From Publishers Weekly

Although HBO's Sex and the City has won Emmy, Screen Actors Guild and Golden Globe awards, film studies lecturers Akass and McCabe are peeved that some find the show a "'worthless pile of swill' with no cultural relevance." With this wide-ranging collection of essays, they set out to dispute that view, calling on various contributors to reveal the myriad ways of interpreting the show's plot and characterization. Sex's narrator, Carrie Bradshaw (played by Sarah Jessica Parker), details the exploits of gal pals Miranda, Samantha and Charlotte, simultaneously exploring issues of sex, independence and relationships from a decidedly female perspective. The book's most heated debate centers on whether the overall image of women on the show is positive or negative. Are Carrie and company third-wave feminists who won't conform to a preconceived image of emancipation? Or are they enmeshed in a traditional yearning for Mr. Right? In the 21st century, according to most contributors, happy endings are relative. The book covers a wide array of topics, such as the symbiotic relationship between fashion and costume, and historical representations (by Woody Allen and Theodore Dreiser, among others) of single New York women. Some writers criticize the show's image of men and the instances of lesbian homoeroticism, claiming both detract from the celebration of women, sex and gay life. Others enjoy walking in Carrie's Manolo Blahniks. Most of the analysis is thought provoking, and the majority of the clearly written arguments allow readers to make the final judgment. Some viewers may not crave such scrutiny, but other fans will enjoy the added depth. Photos.
Copyright © Reed Business Information, a division of Reed Elsevier Inc. All rights reserved.

From Booklist

Sex and the City, with its trendsetting fashions and frank discussions about sex, has been iconic from the get-go, and these collected essays analyze its commentary about modern-day society. Joanna di Mattia examines Carrie's reactions to her two most significant suitors, the sexually exciting Mr. Big and the romantically inclined Aiden. David Greven compares the strange guys the women often encounter to The X-Files "freaks of the week." Astrid Henry sees the women's enduring friendship as the biggest symbol of female empowerment in the show. "One of the most important themes is the value of female friendships and the role of these friendships in helping each of the . . . characters to understand herself and her life," Henry notes. And what book on Sex and the City would be complete without a mention of those famous Manolo Blahniks? Sarah Niblock examines the shoes' creator and their significance in an urban setting. Anyone who loves Sex and the City and appreciates how it reflects contemporary times will want to read these smart, accessible essays. Kristine Huntley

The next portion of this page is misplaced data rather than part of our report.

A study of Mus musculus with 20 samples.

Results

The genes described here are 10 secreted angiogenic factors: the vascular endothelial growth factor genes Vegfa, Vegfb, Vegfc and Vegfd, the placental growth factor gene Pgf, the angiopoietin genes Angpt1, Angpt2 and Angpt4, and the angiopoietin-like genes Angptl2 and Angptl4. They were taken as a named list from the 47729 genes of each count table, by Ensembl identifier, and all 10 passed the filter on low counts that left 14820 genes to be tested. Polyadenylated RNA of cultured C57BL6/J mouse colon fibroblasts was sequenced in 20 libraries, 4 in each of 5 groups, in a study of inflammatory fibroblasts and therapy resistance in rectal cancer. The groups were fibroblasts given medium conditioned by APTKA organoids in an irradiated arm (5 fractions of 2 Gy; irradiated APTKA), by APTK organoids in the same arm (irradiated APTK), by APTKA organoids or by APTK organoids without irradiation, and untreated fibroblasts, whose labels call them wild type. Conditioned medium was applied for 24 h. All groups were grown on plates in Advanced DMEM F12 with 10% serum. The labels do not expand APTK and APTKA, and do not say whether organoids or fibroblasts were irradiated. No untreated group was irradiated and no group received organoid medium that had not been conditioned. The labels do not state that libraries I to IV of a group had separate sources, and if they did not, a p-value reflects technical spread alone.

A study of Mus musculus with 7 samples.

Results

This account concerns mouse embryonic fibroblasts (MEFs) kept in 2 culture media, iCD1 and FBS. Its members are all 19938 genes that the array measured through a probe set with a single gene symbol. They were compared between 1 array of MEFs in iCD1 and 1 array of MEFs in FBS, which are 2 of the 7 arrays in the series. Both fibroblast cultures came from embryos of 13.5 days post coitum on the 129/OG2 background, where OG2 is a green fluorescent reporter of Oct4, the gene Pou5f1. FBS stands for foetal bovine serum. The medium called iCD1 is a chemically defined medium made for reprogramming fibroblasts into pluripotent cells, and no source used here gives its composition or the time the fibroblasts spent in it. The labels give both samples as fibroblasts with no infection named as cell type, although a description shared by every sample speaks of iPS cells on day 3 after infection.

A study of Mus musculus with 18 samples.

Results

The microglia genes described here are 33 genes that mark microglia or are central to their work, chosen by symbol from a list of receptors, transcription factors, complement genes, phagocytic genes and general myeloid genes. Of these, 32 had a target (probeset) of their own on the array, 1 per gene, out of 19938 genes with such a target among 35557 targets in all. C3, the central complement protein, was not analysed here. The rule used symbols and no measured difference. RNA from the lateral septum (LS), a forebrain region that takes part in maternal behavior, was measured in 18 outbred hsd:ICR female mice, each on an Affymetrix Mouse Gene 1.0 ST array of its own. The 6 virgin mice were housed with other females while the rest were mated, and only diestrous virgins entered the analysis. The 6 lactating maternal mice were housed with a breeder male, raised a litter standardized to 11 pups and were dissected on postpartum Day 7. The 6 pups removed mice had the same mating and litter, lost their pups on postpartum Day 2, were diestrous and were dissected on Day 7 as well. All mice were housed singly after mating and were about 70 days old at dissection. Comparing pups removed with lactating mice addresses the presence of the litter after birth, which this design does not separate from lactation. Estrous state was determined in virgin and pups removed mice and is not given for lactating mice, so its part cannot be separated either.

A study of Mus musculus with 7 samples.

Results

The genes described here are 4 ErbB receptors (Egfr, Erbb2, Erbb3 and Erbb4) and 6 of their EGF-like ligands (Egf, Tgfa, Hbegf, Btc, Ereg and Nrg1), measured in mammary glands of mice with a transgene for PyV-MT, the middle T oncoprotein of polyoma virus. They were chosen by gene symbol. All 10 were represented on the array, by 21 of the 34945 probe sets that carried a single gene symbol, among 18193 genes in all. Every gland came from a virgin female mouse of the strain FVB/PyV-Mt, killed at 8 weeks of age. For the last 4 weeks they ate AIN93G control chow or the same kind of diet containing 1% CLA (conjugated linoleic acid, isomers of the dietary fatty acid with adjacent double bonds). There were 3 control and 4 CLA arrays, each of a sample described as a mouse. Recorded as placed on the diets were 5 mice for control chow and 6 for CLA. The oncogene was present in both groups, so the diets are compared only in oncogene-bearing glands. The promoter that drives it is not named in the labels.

Copyright © American Library Association. All rights reserved

  • Series: Reading Contemporary Television
  • Paperback: 288 pages
  • Publisher: I. B. Tauris; First Edition edition (March 18, 2004)
  • Language: English
  • ISBN-10: 1850434239
  • ISBN-13: 978-1850434238
  • Product Dimensions: 5.4 x 0.8 x 8.5 inches
  • Shipping Weight: 12 ounces (View shipping rates and policies)
  • Average Customer Review: 4.0 out of 5 stars  See all reviews (5 customer reviews)
  • Amazon Best Sellers Rank: #1,590,232 in Books (See Top 100 in Books)

Customer Reviews

Most Helpful Customer Reviews

17 of 23 people found the following review helpful By Michael S. Waren on August 11, 2005
Being a critical media scholar and (Yes,fan of the show) this collection of insightful essays is a media scholar and/or feminist scholar dream come true. If you are looking for deep "dishy" style of gossip behind the show you will be sadly disappointed. "Sex and the City" is a show that will go down (no pun intended) for letting women reveal and talk about love, sex and relationships in a honest true fashion, regardless of how you feel about the characters and their "impossible" lifestyles. I always marvel at how this show often broke ground by often crossing gender and cultural guidelines within its audience base. I am intrigued by how universal the show is and how it makes me a little mad that some people want to dismiss it as a silly women/gay show.

Split into five parts the book touches on sex and relationships, the social and cultural impact of the show, female identification, narrative text and intertextuality within the show, and of course fashion. The last essays being a great deal of fun as they look at the famous "Sex and the City" tour in NYC, fandom and the intersection of being a scholar and bridging fan base gap as well. Editors Kim Akass and Janet McCabe should be applaud for their thought-provoking and meaningful work, I would quickly snatch (again no pun) any critical reader that these ladies do on any series. A critical celebration of "Six feet Under" has already been published this spring. I am "dying" to read that one. (ok, bad pun intended!)

There's a lot of good stuff in these essays. While readers need to be fairly familiar with the series, its characters, and plotlines to get the most out of this collection, anyone with an interest in media or culture studies will be able to appreciate what the authors have to say. The book is indexed and has an excellent bibliography. Another fine volume in the Reading Contemporary Television series.
this book is great! it tells you everything about every sex and the citian, every episode, the actors/actresses, trivia, glossary (you'll have to read the book to find out what i mean by gloss.), and much, much more. if you love sex and the city, you'll love this book.
Just curious if a women who chose to have children and live a married life might find this book at all interesting????